Progress in understanding of passivity and passivity breakdown on iron and iron-base stainless alloys for recent 20 years has been reviewed. Important experimental facts obtained on the structure, composition, and functions of passive films on the alloys were shown and novel mechanisms on the dissolution and passivation of iron was explained. Finally, future subjects that should be done for better understanding of the nature of passive films were proposed.
New novel techniques for surface characterization on an atomic level have been developed rapidly during past two decades. These techniques have been applied to corrosion research and provided great advances in corrosion science. In this article, their application results in corrosion science were reviewed focusing on scanning probe microscopic techniques such as Kelvin microprobe, scanning electrochemical microscopy, and scanning tunnel microscopy. Moreover, it was emphasized that quartz crystal microbalance gave the great contribution to study on minute corrosion of metal thin films.
Recent advances in corrosion protection of social infrastructures and buildings have been reviewed and future prospects are assessed, paying special attention to steel bridges, port facilities, and steel-structure houses and buildings including utility piping. The subjects covered are the increasing use of unpainted weathering steel for bridges, new introduction of weathering steel for coastal use, common adoption of heavy-duty coating systems for major long-span bridges over straits or in bay areas, widespread application of various linings for marine piles, expanding use of galvanized large structural members for steel-structure buildings, recent use of galvanized steel channels for steel-framed housing, and current corrosion protection of utility piping. In view of the growing demand for extended service life of infrastructures and buildings to cope with the labor shortage caused by the aging of society and to promote protection of the environment and conservation of energies and resources, the importance of corrosion engineering is emphasized.
Many kinds of stainless steels were developed for the usage in each industrial field. The research and development on stainless steel in these 30 years were described. A new refining process of stainless steel made it possible to reduce an impurity element to extra low contents, and to develop new stainless steels, e. g., many kinds of ferritic stainless steels. Furthermore, many of these stainless steels were standardized to the Japanese Industrial Standard. Super stainless steel with high corrosion resistance was developed as a roof material at a seaside area. New ferritic stainless steels with high thermal fatigue resistance were adopted to an automobile as an exhaust manifold. The suitable alloys from 13Cr stainless steel to high-alloyed steel were developed for tubings of oil and gas wells where the corrosion resistance largely depends on the contents of CO2 and/or H2S. Many corrosion problems occurred in a commercial nuclear power plant. The new corrosion phenomena were studied and elucidated by many researchers.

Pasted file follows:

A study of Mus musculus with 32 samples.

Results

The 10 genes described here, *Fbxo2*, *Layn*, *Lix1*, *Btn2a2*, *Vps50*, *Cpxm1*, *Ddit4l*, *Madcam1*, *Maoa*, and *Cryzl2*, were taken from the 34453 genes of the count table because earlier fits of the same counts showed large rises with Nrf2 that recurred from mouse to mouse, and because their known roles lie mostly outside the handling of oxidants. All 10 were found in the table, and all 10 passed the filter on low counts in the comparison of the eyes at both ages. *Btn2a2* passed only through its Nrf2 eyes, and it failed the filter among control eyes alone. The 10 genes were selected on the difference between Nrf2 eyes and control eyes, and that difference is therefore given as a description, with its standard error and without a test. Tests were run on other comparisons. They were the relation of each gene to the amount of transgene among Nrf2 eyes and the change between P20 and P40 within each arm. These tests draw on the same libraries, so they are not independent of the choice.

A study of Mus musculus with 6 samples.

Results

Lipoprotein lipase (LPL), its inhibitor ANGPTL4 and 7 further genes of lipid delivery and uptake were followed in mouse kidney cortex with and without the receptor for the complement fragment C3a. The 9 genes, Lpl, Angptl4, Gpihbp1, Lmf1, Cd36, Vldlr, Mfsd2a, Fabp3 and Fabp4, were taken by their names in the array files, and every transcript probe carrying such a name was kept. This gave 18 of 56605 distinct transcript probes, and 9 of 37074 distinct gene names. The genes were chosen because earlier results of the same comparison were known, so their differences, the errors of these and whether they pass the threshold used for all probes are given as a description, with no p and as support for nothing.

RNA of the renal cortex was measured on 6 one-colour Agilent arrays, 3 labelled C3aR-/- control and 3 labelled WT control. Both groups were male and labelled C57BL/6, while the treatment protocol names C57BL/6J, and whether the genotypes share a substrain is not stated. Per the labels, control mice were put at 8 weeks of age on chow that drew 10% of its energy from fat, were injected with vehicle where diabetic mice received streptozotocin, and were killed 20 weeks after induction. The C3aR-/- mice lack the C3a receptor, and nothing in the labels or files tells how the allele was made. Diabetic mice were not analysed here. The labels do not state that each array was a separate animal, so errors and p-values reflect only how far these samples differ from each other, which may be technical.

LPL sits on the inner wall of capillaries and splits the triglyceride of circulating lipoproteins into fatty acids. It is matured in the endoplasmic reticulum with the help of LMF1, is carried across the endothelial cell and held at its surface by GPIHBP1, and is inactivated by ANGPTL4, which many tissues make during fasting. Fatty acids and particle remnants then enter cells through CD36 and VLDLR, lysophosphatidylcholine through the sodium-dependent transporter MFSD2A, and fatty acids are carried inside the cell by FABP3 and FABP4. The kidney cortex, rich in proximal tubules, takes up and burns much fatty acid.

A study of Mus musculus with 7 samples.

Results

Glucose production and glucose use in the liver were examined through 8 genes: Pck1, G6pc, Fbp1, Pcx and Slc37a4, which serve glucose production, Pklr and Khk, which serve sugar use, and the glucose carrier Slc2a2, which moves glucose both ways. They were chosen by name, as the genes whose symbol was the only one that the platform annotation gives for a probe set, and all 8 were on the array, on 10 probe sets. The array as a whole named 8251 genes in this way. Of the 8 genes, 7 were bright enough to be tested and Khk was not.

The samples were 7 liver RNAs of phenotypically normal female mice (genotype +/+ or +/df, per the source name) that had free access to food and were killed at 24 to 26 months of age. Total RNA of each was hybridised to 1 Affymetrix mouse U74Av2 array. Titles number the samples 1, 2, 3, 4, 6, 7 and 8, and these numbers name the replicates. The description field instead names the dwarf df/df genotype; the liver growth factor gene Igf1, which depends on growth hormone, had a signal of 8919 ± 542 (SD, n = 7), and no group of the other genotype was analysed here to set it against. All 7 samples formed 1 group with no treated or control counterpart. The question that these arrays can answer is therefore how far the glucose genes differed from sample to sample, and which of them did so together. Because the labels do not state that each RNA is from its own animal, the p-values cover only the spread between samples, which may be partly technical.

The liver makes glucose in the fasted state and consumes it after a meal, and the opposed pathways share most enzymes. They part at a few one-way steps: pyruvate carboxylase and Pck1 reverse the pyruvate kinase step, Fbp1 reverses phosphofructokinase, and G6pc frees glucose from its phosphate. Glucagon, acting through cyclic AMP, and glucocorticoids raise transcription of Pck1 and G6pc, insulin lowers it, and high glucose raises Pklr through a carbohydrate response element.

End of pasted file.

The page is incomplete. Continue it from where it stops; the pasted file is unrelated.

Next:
This report reviews recent progress in the research and development of corrosion protection technologies for nonferrous materials such as titanium, nickel, copper, and aluminum. Crevice corrosion resistant titanium alloys AKOT, TICOREX and SMI-ACE were newly developed which provide competitive low cost and almost the same corrosion resistance as Ti-0.15Pd. Hastelloy C-22, Hastelloy G-30, Inconel 690, and MAT21 were also developed which possess much more excellent corrosion resistance compared to the existing nickel alloys. Copper tubes in hot water supply system encountered pitting corrosion and copper alloy condenser and heat exchanger tubes in sea water erosion-corrosion, etc. and their countermeasures are described. Painted aluminum alloy sheets for automobiles suffered from filiform corrosion, and it could be prevented through alloy design, zinc-phosphate treatment, and/or zinc plating. In automotive heat exchangers such as radiator, heater, condenser, evaporator, etc. made from aluminum alloys, de-icing salt splash, engine coolant water, and/or condensate solution have been their severe corrosives, and their countermeasures are explained.
Material problems in oil-related facilities, that is, oil & gas wells, refineries and chemical process industries, were summarized for the last thirty years. Especially, in refineries, most of the material failures have been experienced and many research works to prevent the failures have been reported up to this time. However, many fire accidents due to corrosion failures have still occurred. As many large-sized plants in refinery and petrochemical complex in Japan have been operating for more than twenty years, newly developed reliable and economical maintenance technologies will be strongly requested.
Recent Trends in inhibitors are reviewed from the viewpoint of comparing inhibitor costs estimated by the Uhlig method in 1997 with that in 1995. The increase of inhibitor costs in boiler water and industrial cooling water is almost equal to the growth of Gross National Product (GNP). On the other hand, the cost of water treatment for air conditioning goes right on increasing. In the last three decades two main developments in inhibitor technologies had been accomplished. One is less toxic corrosion inhibitors such like phosphonates, zinc, polymers and natural materials instead of chromate and hydrazine. Another is polymeric dispersants for increasing the reuse of water. The demand for environmentally friendly corrosion and scale inhibitors, so called green inhibitors will accelerate the development of inhibitors that are more environmentally acceptable and cost-effective. Non-chemical water treatment combined with several processes such like deaeration, filtration, ion-exchange, reverse osmosis and so on will be also developed at the next decade.